Canada squanders chance to take stranglehold on World Cup qualifying

The nightmare scenario didn’t develop. Honduran fans did not wrench home-field advantage away from Canadian fans at BMO Field, and while their desperate team came equipped with its usual bag of referee-baiting tricks, it wasn’t enough to grab a needed three points in qualifying for Brazil 2014.


Panama, which surprised Honduras 2-0 in their first qualifying match, is next up for Canada at BMO when qualifying resumes on Sept. 7 and Canada, 1-0 winners in its first match in Cuba, still must play in Honduras and Panama in order to be one of the teams to advance to the next stage of qualifying out of this group of four. “I’m not happy with this point,” said head coach Stephen Hart, who in an in interview with Sportsnet immediately following the match called Canada’s tendency to choke inside the other teams area “a repeating story …. Ground Hog Day.”

Canada had plenty of chances to win this match – two alone in added time – but failed to finish. Again. That included the final kick of the ball in this affair before 16,132: Will Johnson’s free kick deflecting wide off the head of Simeon Jackson, who is good enough to log significant minutes playing for Norwich City in the Premiership but in Canada’s biggest home match in years can’t come on until the last five minutes. Is Jackson the sure-fire finisher who could single-handedly answer Canada’s shortages? No. But he’s easily one of Hart’s six best players. He is around the ball and that can create set-piece opportunities and, well, let’s just come out and say it: Canada’s not good enough to be that picky.

Four years ago, Honduras – which unlike Canada lives and breathes with its two Premiership-calibre players, Wilson Palacios and Maynor Figueroa – beat Canada in a World Cup qualifier in Montreal that was played before a largely pro-Honduras crowd. They were present at BMO on Tuesday night but were more of a factor for their large blue and white flags in the north end than their noise, so much so that Hart was moved to thank the Canadian fans, who were in full voice especially in added time as the Hondurans twisted and turned.

The first half was, to be polite, one of those unevenly officiated affairs that can make CONCACAF seem awfully Mickey Mouse in these days of saturated television coverage of overseas soccer. The Hondurans are masters of playing up to officials – if you don’t think that’s important, you didn’t hear U.S. coach Jurgen Klinsmann lecture his team on the importance of in-game politics during their recent run of tune-up matches for qualifying – and Canada finished the half with 10 fouls to the Hondurans’ three. Palacios, who plays for Stoke City in the English Premiership, was a particularly nasty piece of work and twice flirted with red cards, once for lashing out at DeRosario and again for a two-footed challenge on Atiba Hutchinson.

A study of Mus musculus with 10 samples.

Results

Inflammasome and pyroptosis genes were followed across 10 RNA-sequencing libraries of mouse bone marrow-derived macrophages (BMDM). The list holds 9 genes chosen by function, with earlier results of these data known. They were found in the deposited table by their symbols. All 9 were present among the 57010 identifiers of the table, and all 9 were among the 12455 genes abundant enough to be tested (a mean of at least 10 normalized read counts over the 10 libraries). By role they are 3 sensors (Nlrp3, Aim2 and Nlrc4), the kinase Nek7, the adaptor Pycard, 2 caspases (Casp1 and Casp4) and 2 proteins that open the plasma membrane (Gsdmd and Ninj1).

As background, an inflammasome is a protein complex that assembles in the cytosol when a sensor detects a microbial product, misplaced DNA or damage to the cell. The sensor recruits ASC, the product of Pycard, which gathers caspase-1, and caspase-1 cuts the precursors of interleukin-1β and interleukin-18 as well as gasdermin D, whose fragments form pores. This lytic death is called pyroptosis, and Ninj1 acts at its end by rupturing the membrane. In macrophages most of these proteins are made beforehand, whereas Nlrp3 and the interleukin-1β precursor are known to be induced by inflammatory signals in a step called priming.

The first 45 minutes had all the feel of a match in which somebody would have to spend a fair amount of time playing with 10 men. But it was the victory – as opposed to retribution – that seemed on both teams minds in the second half. Canada had three strong opportunities on set pieces, with David Edgar heading the ball just wide of Honduran goalkeeper Noel Valladares in the 67th minute, and captain Kevin McKenna winning an aerial battle in extra time to get his head on a corner from Johnson, only to see it, too, miss the target.

Canada was lively on the attack at times and Julian de Guzman had another one of those performances that must drive Toronto FC fans off the ledge (were he half the player for club he is for country), as Canada cut down the Hondurans space in midfield, but was once again done in by a lack of finish. “It’s not luck,” forward Oliver Occean said. “It’s quality. This was a disappointing result. We can’t score that one goal.”

The fondest hopes of those within Canada Soccer is that two of the games wayward sons, Junior Hoilett and Jonathan de Guzman, might still see fit to don the country’s colors in lieu of another country’s. De Guzman, who was in attendance at BMO Field wearing a throw-back Canada jersey top, seemed to snuff out that possibility Tuesday night when he told The Score that “as of this point,” he was firm in the commitment he made in 2008 to the Dutch national program. Hoilett might want to seriously consider whether playing for his father’s birth country, Jamaica, really offers much more in the way of international opportunity than hooking up with Canada, since the Jamaican program is no longer one of CONCACAF’s best. Dwayne De Rosario said he thought the Canadians let Honduras off the hook. They did. For once there was a chance for Canada to carve out a rare comfort level for itself, and Hart’s men were not up to it. These lost points will need to be made up on foreign soil, and that’s not usually the Canadian way.